Wage and Salary guidelines for a restaurant? In the words of Billy Kelly, "Are you kiddin´me?" Why would we want to do that was the first question I heard when I proposed the idea to an owner a few weeks back. The answer is simple: to begin to build a structure that serves as the foundation for growth. In the culinary world of complexities, any structure that can be developed to ward off the demons of dysfunctionality will be appreciated in the long term. One of the apparent reasons for failing in the restaurant business is the lack of acumen or experience in the day to day operation of running the back of the house show. The front of the house is easy by comparison. I commented recently to a fellow restaurateur on how hard he worked at being successful in the business with his five unit chain. He said that he wasn´t successful and that the presumed failure bothered him for a long time.But, he didn´t fail. He built a small chain, worked hard, developed an organization that was as efficient as it could be, and eventually realized that the return on his hard work and investment was miniscule. And, I am sure he didn´t have wage and salary guidelines.
Today it is even more difficult than it once was to make a decent profit in the business. With the massive influx of corporations into the marketplace, small, single unit owners have a much tougher task than ever before. But just because you don´t have the backing of a major food corporation doesn´t mean you can´t build a respectable corporate styled structure with organization, integrity, and employee needs and well being in mind.
Restaurants survive on good food, fabulous service, and great numbers. And, they all interact. You can´t expect to get good service from under paid employees. You can at first, but then they wake up to what is really going on.
The majority of restaurant owners shoot from the hip when it creating salary packages offered to employees. What do you think we can get that person for? How much do does he want? What was she making at her last job? We have all asked these questions in the middle of the mental calculations performed as we attempt to justify the hiring of a new employee. The worst scenario is, however, "We don´t need to give him all that, he was only making $22,000.00 at Rubicon. See if we can get him for less." And, of course the worst of all scenarios is the in company promotion. Just because a person is moving from one job to another, it is important to make sure that they receive the adequate wages for the new job rather than calculating how much they will be getting in the new position and deciding that is "too much of a raise."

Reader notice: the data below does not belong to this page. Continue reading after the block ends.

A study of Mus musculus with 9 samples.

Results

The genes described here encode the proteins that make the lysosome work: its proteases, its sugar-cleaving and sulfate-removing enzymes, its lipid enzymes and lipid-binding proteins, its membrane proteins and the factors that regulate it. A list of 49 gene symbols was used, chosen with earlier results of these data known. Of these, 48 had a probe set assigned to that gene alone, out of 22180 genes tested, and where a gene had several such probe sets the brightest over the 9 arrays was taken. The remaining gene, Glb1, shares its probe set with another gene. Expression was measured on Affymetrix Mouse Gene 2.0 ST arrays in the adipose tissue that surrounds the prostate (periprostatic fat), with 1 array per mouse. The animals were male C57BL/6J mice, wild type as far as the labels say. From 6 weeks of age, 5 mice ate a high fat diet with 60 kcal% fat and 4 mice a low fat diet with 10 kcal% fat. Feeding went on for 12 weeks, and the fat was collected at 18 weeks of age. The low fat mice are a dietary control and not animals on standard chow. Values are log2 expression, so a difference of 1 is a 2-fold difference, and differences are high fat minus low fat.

I´ve done. You´ve done it. We have all done it. And, payroll roulette is a terrible game to play and will assuredly backfire over time. But with the data available on the Internet, everyone can see the standard wage and salary guidelines. There are a plethora of Internet sites that broadcast a jobs criteria and pay scale. Although many owners still feel that this is not for them, it is for everyone, including the potential employee. And since the job candidate can see the average wages in your area, they will know immediately what type of company you are running by the wages you are offering.
The salaries you offer, and pay, are like tea leaves to the nice lady in the store front on Union Street who will read them for you for you for a sawbuck. They tell more than you probably want people to know about what is going on in the back of the house. Low salaries announce to the job-searching-public that the company may be in dire straits. Or that the owner doesn´t appreciate his employees. It raises questions as to whether the owners are hoarding the cash if the restaurant is busy and immediately signals that staff changes will be frequent if the restaurant isn´t pulling in the revenue needed.
Wage and salary guidelines also enable smart owners to budget, analyze the true cost of doing business, and to grasp whether the operation will ever be financially successful. If under paid chefs, cooks, and managers are all an element in your game plan equation, you have to ask yourself the real question. Will my business ever make a profit?
So the next time you need to hire someone, go to your wage and salary guideline book and see where the job you need to fill falls. If you don´t have a book, make one this weekend. It´s simple, the information is on the Internet. And, nobody says that you have to live by the published guidelines, but remember- If you aren´t in the ballpark you can´t hit a home run.